Walk the Camino Portuguese Coastal 2/2 - Oia to Santiago de Compostela
This second section from Oia to Santiago de Compostela takes you along the coast around to the Vigo estuary. You will get the opportunity to stay in the beautiful coastal cities of Baiona and Vigo before re-joining the traditional Camino Portuguese from Redondela to Santiago de Compostela. This region is known for its seafood, in particular, its oysters and scallops. Wash it down with the local Albarino wine a true gastronomic delight.
This trip creates 0.2375 tonne(s) of CO2, we offset it for free
This picturesque coastal town sits on the estuary of Vigo where the Mino river enters the bay. A must do is to watch the sun set from Monterreal Fort which is now a Parador. Between the small beaches, seafront and the narrow streets of the old town you can easily stroll around and discover its many cafes and restaurants.
This is where the body of St James first returned to Spain from Jerusalem and in the Church or Santiago you can see the Pedron, a large ancient stone that it is claimed the boat carrying the body of St James was moored to. Padron is also known for its small green peppers that are fried in oil and seasoned with sea salt so be sure to sample this local dish when in town!
Being a coastal route it is no surprise that when it comes to the culinary specialties of the region, seafood is top of the list. The seafood from this region is so good that it is known worldwide. So why not take the opportunity to sample some of the local delicacies such as the Vieira (known as the pilgrim’s shell), Pulpo, Oysters, Langostino’s or even crab to name a few. All of which can be nicely washed down with a glass of the local ‘Albarino’ wine.
Oia to Santiago De Compostela
Camino Portugues Coastal
Bed & Breakfast
Luggage transfers from hotel to hotel
24/7 Customer Service
Our Holiday/ Pilgrim Pack
Day Tours Available
Relax on your first night in this beautiful coastal village which is also home to the Royal Monastery of Santa Maria de Oya.
Day 2 17.6km
From Oia, you will walk along a coastal footpath away from the main road. After 10km you will then continue along gorgeous coast line on boardwalk with stunning views on the Atlantic Ocean and the Cies islands.
Day 3 27.9km
The way out of the gorgeous town of Baiona will have you alongside a sandy beach for most of the day. You will have regular opportunity to stop in a local cafe along the beach.
You will then enter a typical galician entrance of Vigo and maze of streets before entering Vigo via its wide sandy beach. Vigo is a very active city that you will reach after 3km walk through the harbour.
Day 4 34.1km
This walking day out of Vigo is a relatively short day and is mostly uphill going out of Vigo, but you are rewarded with wonderful views of the city and harbour. As this is not a very long day walking you may want to spend some time in Vigo and explore the bay area which is one of the settings for Jules Verne’s novel ‘Twenty Thousand Leagues Under the Sea’. It is from this Bay that Captain Nemo pilfered his wealth to fund his submarine Nautilus from the galleons sunk by the British during the Battle of Vigo Bay in 1702.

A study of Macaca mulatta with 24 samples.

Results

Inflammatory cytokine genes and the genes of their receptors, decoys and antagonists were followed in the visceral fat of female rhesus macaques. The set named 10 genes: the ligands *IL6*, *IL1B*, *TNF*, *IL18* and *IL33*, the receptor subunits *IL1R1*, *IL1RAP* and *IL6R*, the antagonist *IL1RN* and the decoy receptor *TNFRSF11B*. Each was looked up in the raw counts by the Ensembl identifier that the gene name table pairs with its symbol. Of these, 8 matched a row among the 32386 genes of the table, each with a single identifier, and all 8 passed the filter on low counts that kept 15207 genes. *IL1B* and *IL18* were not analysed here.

Day 5 21km
Caldas De Reis
Passing chestnut groves, the Camino leaves Pontevedra and runs parallel to the railway for a while. After passing through the hamlet of Ponte Cabras, we encounter the rectory of Santa Maria de Alba, tucked away among pine and eucalyptus trees. Emerging from the dense woods of Lombo da Maceira, you’ll see a statue of Saint James the pilgrim, his staff pointing the way to proceed. The lovely village of Tibo, with its fountain, public washing place and stone cross, brings us to Caldas do Rei.
Day 6 18.7km
Caldas De Reis
Exiting the town, we take a bridge over the River Umia that leads us to a fountain of hot spring water that has lent the town its name since Roman times. Entering the woods once more, the Camino make its way gently uphill to the hamlet of Santa Marina. Going downhill, we cross the river Fontenlo. Finally, following a Camino lined with pine trees, we catch up again with the river as we arrive in Padron. Padron is famous for being the first land sighted by the ship bearing the body of St James.
Day 7 24.9km
SANTIAGO DE COMPOSTELA
The Camino passes through many small villages and hamlets before arriving at the Baroque sanctuary of A Esclavitude. On a hilltop to the left stands the mysterious, abandoned ruins of the hillfort Castro Lupario.A few kilometres later, we come to the oldest wayside crosses in Galicia. As we near Agro dos Monteiros, it’s now possible to see the spires of the cathedral in Santiago. Finally, the Camino passes by the ruins of a castle known as A Rocha Vella, before entering the city of the Apostle.
SANTIAGO DE COMPOSTELA
After breakfast, we bid you farewell.
If you wish to stay in the area, we recommend that you:
– Take your time and visit the magnificent historic centre
– Continue with us along the wild “Camino Fisterra” (Finisterre Way), and stay overnight at the 2* hotel in the light house!
– or take a bus to Fisterra. (Bus to fisterra: 9am, 10am, bus back in Santiago 16:45 & 19:00. takes 3hours)
– Visit the unspoilt sandy coves and beaches of the west coast. With very few tourists, you are guaranteed a very special experience.